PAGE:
Welcome to the second, less frequently-posted decade of RevMod.


I've said it before, and I'll say it again - Democracy just doesn't work.

Confirming this Kent Brockman truism, Stephen Harper in the Globe and Mail:
"The reality is that we will have, for some time to come, a Liberal Senate, a Liberal civil service -- at least senior levels have been appointed by the Liberals -- and courts that have been appointed by the Liberals," Mr. Harper said.

"So these are obviously checks on the power of a Conservative government."
Am I the only one who finds this declaration a little disconcerting?

This is an argument designed to counteract what I suspect a lot of people are thinking: that a Tory minority will not be able to radically change the country, but a Tory majority may pursue radical changes that go well beyond the moderate and reasoned platform we've heard from Mr. Harper over this campaign.

What's missing from Harper's reassurance here? Well, for one thing, an actual reassurance. He doesn't say "We won't pursue a radical agenda going well beyond our platform." He doesn't say "We're not the old Reform / Canadian Alliance Party, that Canadians rejected election after election." He expects us to instead rely on institutional inertia to prevent Conservatives from ________. And he doesn't spell out what belongs in that blank.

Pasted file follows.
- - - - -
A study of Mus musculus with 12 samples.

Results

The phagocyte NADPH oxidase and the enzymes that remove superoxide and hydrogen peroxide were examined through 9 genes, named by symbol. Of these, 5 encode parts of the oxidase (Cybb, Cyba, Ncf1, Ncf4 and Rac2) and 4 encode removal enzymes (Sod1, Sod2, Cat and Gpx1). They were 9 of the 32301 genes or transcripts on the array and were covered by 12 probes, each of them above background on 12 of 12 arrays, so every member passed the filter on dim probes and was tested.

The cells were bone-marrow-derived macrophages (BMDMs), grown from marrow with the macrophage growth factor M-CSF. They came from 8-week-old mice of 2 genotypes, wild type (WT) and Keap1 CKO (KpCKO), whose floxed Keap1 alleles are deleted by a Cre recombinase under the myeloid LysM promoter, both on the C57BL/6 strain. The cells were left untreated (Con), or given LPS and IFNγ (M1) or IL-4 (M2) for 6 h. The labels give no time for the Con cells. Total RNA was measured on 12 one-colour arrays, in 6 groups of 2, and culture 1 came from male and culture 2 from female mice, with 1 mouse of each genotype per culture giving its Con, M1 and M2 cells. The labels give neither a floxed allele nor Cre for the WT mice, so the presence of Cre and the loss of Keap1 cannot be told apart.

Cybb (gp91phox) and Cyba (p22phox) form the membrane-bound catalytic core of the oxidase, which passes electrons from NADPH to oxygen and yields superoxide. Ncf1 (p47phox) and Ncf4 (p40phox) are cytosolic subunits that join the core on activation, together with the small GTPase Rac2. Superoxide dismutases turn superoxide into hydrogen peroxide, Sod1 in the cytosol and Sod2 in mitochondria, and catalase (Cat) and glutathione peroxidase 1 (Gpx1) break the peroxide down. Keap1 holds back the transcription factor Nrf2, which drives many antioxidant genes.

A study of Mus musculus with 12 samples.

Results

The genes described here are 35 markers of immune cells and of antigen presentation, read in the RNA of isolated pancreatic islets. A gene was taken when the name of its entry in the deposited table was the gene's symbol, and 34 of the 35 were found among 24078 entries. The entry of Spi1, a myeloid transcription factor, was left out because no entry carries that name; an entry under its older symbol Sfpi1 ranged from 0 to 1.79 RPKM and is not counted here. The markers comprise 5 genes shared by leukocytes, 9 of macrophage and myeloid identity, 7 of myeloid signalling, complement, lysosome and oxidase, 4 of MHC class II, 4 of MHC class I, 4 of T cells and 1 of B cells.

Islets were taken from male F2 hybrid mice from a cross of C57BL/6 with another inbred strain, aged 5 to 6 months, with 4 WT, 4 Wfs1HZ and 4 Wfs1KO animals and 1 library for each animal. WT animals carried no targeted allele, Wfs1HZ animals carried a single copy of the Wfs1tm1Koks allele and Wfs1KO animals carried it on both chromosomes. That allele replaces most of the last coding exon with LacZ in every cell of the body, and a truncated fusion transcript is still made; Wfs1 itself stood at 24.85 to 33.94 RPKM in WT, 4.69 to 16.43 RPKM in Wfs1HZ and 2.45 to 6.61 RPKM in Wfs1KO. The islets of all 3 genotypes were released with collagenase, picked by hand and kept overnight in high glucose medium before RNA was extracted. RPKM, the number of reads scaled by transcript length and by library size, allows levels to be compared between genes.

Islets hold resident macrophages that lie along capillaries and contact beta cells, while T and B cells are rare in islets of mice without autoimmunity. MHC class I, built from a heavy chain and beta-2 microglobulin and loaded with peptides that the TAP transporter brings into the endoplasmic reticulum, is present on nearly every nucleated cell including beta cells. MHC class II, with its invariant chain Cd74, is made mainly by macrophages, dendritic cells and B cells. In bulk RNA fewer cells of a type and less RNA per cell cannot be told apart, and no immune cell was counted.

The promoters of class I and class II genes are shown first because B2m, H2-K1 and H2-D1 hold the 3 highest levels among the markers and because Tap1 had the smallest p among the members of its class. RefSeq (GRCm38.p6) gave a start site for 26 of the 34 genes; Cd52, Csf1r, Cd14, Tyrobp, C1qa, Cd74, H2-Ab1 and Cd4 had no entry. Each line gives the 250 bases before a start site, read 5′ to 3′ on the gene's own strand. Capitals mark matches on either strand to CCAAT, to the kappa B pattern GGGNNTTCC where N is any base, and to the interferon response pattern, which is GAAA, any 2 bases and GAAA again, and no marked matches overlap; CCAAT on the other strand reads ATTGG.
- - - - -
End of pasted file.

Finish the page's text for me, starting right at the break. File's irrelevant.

There are two possible (and mutually exclusive) reasons why he doesn't promise moderate, careful government, even if granted a majority. It's possible that he doesn't want to be handcuffed by such a promise if he has the opportunity to make radical changes to the country. Alternatively, he may have no intention of making radical changes, but large swaths of the Conservative core support are expecting those changes. Could Harper say he has no plans to curb the right of gay couples to marry, and still get the whole bunch of old-timey Reformers out on election day?

I don't follow the polls in detail - why ruin the surprise? But it's become apparent to me that Canadians want a Harper government, restrained by a minority. "Minority" isn't on the ballot. Even Harper is being clear here that Canadians aren't comfortable with an unrestrained Tory agenda.

Despite this spin effort, one of the more clever I've seen coming from a surprisingly clever and self-aware spin room, Canadians may very well back away from a Tory majority once again, and like 2004, accidentally end up with another Liberal government as a result.